Authorization To Release vs. Power Of Attorney

We use both Authorization to Release and Power of Attorney documents when we do deals. But how can you know which one to use in which situation?

Authorization To Release vs. Power Of Attorney

Before we begin, let me first clarify that I am not an attorney! I would always encourage you to seek advice from your own attorney before using these documents, and you may want to do your own research to find the exact definitions of these documents and how they work. For our purposes, I'm going to be paraphrasing and telling you how we utilize them.

The Authorization to Release is simply a letter that grants you the ability to act on a person's behalf. We typically use this on the seller side—so that could be you, or your company, acting on behalf of the seller. We do this after we have a property under agreement and we're purchasing it either on a subject-to or a lease purchase, and what it does is it allows us to speak with their bank and acquire any financial documentation that we need from their bank throughout the term.

The Power of Attorney document is a legally-binding document. If I were to ask my attorney which one he would rather have, it would be this one. We tend to use the “Limited Power of Attorney” specifically, because we're only acting on behalf of the seller with regards to one specific property. This essentially gives us the authority to communicate with any and all parties involved and act as if we're the seller, which includes the signing of any documents.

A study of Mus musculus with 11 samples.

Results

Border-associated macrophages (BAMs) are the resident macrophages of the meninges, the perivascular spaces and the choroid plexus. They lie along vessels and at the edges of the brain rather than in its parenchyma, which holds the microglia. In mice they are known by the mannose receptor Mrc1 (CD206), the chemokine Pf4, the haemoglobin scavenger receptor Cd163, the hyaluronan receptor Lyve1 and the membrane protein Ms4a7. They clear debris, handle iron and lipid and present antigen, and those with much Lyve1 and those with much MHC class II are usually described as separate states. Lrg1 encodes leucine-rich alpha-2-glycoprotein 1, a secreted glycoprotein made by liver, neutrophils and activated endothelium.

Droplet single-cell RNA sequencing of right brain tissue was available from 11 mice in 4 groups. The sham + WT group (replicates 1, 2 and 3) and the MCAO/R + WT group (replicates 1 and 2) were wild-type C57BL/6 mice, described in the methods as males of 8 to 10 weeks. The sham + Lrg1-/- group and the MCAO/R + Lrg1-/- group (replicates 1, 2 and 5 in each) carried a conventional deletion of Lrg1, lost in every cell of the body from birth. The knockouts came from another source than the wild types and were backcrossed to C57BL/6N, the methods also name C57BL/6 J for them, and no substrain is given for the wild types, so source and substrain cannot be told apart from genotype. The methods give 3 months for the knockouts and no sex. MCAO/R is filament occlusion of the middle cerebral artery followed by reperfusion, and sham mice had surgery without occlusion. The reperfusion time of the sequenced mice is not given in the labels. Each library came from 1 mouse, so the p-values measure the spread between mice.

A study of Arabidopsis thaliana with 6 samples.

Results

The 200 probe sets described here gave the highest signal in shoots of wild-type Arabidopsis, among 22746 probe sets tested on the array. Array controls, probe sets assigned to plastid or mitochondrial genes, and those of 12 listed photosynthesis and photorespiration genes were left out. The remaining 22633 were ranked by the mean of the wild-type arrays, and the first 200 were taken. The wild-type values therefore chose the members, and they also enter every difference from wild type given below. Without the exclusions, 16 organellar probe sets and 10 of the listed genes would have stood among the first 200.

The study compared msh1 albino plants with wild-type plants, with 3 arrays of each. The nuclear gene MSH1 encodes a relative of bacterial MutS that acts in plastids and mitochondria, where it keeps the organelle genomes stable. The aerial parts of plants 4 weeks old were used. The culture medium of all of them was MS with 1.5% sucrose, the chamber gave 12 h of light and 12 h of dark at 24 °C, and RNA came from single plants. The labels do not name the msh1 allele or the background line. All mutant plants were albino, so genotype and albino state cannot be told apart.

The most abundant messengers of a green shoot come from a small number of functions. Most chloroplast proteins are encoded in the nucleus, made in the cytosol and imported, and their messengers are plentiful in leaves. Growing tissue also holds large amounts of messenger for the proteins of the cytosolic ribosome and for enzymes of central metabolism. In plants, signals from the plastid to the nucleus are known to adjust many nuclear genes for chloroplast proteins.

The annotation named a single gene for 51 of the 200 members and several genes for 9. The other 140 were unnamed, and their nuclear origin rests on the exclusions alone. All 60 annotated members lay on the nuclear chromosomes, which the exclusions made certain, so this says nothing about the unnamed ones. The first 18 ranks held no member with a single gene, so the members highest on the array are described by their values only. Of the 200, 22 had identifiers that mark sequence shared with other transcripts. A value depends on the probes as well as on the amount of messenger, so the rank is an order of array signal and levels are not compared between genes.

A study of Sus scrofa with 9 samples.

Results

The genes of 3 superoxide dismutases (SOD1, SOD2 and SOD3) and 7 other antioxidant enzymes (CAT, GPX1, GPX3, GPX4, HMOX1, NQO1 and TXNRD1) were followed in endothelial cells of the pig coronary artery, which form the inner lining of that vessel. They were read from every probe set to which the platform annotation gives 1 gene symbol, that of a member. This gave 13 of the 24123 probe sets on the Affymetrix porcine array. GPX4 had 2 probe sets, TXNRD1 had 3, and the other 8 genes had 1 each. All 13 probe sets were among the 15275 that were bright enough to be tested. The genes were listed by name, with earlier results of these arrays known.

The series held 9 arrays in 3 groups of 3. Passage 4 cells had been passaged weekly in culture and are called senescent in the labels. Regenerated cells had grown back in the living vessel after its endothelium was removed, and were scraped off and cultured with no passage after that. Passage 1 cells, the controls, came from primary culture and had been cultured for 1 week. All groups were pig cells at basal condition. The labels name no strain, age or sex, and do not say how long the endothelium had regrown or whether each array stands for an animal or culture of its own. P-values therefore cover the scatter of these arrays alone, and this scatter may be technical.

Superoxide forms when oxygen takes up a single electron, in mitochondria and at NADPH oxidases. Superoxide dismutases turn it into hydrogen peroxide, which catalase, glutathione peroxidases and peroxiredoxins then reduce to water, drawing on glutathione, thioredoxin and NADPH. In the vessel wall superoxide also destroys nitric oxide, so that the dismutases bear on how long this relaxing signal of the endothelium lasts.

So, why would you may want to use one over the other? Well, at the end of the day it would be great if we could get a Power of Attorney document on every property we take on. That just makes the process easier for us, as it gives us more control and lets us take care of everything on our own, without getting the seller involved. That means less delays, hiccups, and less time going back and forth with the seller.

But the reality is that signing a Power of Attorney document takes a lot of trust. It's a legally-binding document, and many people are naturally going to be hesitant about signing that over to you as opposed to just giving you access to some information from the bank. We totally understand this, which is why we will often resort to an Authorization to Release document when people are hesitant.

With an Authorization to Release, we can still get everything we need from the bank and work with the seller to get everything else done. And sometimes, as we continue to work with the seller and gain their trust, they may become open to signing a Power of Attorney document just to make their lives easier.

So, I hope this gives you some context into how we use these two documents and why you may or may not want to use one over the other. And again, I am not an attorney—so be sure to do your due diligence and speak with your own attorney before utilizing these documents for yourself.